By Madu Onuorah

(EXCLUSIVE) – The Chinese Government has rejected service of demand notice from group of Nigerian lawyers seeking damages for the adverse effects of the Coronavirus (COVID-19) outbreak on the country and its citizens.

Information made available from the Azinge and Azinge law firms championing the action in Abuja on Monday says that the President’s office in Beijing, China refused to acknowledge the Court service sent via international courier service, mother DHL.

The lawyers are however hopeful that Chinese Embassy in Nigeria will receive the court summons even though their receipt or not does not stop the process.

Professor Epiphany Azinge (SAN), whose firm, Azinge and Azinge, is championing the action on behalf of the group of Nigerian lawyers, said in a statement last month that it sued China for the adverse effects of the Coronavirus (COVID-19) outbreak on the country and its citizens.

According to Professor Azinge, who is currently a member of the Commonwealth Arbitral Tribunal London, representing Nigeria and Africa, the lawyers would be claiming $200 billion in damages for the “loss of lives, economic strangulation, trauma, hardship, social disorientation, mental torture and disruption of the normal, daily existence of people in Nigeria.

“The team of legal experts planned a two-phase line of action-: first is with the federal high court of Nigeria and secondly to persuade the government of Federal Republic of Nigeria to institute a state action against the People’s Republic of China at the International Court of Justice (ICJ) at the Hague.

“The legal experts will be claiming damages to the tune of $200 billion dollars. The Chinese Government will be served through its Embassy in Nigeria.”

The lead Counsel in the suit that has generated international attention, Prof Azinge, told the media in Abuja that they are not deterred, pointing out that their cause is just and intentions noble.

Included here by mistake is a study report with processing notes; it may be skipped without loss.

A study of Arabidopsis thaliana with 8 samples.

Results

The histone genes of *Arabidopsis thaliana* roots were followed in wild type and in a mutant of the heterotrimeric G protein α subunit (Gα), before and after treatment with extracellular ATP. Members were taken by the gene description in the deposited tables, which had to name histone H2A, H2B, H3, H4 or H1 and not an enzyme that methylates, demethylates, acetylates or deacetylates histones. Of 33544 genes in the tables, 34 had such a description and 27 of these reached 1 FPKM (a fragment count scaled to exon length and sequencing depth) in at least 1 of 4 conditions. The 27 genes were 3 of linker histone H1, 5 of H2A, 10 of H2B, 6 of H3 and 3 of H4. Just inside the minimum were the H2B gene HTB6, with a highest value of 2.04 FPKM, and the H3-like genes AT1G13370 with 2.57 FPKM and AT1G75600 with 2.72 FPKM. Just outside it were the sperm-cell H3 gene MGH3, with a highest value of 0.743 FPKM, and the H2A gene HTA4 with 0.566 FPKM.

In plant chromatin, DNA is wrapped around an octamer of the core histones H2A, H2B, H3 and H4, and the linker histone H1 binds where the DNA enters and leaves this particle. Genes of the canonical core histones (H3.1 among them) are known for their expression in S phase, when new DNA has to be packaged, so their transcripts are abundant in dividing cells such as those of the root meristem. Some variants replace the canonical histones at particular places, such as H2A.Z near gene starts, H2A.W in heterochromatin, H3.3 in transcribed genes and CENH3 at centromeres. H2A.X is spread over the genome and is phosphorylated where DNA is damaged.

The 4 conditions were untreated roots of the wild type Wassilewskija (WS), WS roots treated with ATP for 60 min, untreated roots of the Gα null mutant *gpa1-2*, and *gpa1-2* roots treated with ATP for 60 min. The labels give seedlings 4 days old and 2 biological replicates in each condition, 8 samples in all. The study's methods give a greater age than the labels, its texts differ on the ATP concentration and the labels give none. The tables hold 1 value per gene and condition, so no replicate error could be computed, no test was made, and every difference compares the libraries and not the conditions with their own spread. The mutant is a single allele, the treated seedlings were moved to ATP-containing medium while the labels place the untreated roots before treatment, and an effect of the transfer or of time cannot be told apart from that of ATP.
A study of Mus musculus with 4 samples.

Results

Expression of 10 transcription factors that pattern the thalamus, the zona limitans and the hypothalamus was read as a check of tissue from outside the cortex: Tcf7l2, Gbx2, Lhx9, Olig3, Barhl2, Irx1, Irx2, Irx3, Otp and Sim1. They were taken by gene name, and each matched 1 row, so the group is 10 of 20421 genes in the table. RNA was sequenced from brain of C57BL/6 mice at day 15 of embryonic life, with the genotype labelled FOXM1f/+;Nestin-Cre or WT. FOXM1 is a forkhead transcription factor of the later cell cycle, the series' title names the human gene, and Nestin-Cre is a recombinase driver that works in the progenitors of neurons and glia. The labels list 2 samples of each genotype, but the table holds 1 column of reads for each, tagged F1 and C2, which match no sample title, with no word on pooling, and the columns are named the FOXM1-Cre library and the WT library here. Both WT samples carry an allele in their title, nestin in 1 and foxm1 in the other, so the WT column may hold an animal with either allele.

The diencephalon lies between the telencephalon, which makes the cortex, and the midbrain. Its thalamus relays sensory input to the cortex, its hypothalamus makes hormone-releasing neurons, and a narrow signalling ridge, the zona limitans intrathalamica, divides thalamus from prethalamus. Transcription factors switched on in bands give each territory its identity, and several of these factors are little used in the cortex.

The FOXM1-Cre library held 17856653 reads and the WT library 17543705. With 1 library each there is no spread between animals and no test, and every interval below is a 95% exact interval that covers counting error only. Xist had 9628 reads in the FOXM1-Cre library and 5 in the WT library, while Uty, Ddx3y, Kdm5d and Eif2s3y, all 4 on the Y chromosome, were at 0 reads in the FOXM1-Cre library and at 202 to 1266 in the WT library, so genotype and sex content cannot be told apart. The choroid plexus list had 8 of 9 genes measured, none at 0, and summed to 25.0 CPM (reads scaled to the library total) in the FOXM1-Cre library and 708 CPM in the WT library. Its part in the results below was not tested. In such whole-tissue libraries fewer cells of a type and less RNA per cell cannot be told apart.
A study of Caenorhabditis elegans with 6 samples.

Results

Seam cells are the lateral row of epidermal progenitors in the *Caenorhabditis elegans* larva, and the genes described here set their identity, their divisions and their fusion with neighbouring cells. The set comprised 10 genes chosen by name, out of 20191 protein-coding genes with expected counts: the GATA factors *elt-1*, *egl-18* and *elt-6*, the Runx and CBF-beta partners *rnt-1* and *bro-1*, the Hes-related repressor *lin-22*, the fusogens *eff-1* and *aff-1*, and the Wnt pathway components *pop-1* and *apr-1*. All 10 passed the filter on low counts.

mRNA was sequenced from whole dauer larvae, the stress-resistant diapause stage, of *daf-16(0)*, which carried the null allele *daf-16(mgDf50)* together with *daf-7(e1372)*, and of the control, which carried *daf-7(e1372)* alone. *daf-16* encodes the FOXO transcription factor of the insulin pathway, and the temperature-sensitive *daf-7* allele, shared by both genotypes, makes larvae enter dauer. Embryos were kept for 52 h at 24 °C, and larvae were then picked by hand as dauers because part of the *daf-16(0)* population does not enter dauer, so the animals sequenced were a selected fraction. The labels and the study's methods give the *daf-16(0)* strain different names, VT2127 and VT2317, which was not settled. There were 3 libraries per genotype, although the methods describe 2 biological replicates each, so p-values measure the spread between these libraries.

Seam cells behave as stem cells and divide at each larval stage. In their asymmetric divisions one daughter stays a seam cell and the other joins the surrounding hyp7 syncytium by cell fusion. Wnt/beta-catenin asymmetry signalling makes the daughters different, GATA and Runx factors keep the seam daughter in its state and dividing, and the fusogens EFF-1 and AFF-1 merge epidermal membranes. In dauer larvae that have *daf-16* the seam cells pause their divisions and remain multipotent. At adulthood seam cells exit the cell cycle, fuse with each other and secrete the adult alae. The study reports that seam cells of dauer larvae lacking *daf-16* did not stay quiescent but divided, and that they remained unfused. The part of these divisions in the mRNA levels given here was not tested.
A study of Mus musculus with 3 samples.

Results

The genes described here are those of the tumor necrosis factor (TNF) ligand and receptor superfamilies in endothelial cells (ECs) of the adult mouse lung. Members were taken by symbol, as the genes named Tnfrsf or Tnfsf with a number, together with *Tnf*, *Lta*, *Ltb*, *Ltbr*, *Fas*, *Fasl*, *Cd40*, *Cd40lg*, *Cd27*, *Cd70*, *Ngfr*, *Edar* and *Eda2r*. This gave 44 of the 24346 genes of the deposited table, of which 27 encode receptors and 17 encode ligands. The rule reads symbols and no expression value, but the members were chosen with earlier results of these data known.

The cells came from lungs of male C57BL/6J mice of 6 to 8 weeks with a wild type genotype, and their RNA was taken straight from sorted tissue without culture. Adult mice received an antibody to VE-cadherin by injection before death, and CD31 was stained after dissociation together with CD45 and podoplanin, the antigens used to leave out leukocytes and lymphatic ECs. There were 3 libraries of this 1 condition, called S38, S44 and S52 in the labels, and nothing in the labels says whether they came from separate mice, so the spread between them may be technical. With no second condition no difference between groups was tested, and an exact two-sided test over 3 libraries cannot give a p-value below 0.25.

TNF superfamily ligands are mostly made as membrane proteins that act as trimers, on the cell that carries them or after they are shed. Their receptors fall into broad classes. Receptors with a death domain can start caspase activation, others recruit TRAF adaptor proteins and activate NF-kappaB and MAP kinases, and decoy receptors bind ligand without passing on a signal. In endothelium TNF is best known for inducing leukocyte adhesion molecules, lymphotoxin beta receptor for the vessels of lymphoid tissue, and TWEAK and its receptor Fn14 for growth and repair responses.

Meanwhile, China has condemned the legal action instituted by a league of Nigerian lawyers claiming $200 billion in damages against the country.

Chinese Ambassador to Nigeria, Zhou Pingjian, said in a statement on 29 April that “attacking and discrediting other countries from other countries will not save the time and lives lost. At this critical moment, we urge that some Nigerian legal practitioners will do more things to enhance mutual trust and help epidemic prevention and control in both countries, rather than dancing to the tune of a certain country to hype up the situation.”

The Chinese Ambassador said that since the outbreak of COVID-19, China has been open, transparent and responsible and has taken the most comprehensive, rigorous and thorough measures to contain its spread.

Zhou Pingjian said: “China has made tremendous sacrifices and accumulated valuable experiences and made significant contributions to the global responses against coronavirus. The virus is a common enemy to all mankind and may strike anytime, anywhere. Like other countries, China is also a victim, not a perpetrator and even less an accomplice of COVID-19.

“In the face of major public health crisis and infectious disease, the international community should stand in solidarity and work together not resort to mutual accusation or demand retribution and accountability. Currently, China is standing together with Nigeria in the global fight against COVID-19. Our people are joining hands to overcome the current difficulties.”

Previously, an Egyptian lawyer has pressed charges against Chinese President Xi Jinping, calling on his country to pay $10 trillion in damages caused by the novel coronavirus in Egypt.

In a related development, last week, the U.S. State of Missouri filed a lawsuit against the Chinese government over the coronavirus, alleging that the nation’s officials are to blame for the global pandemic.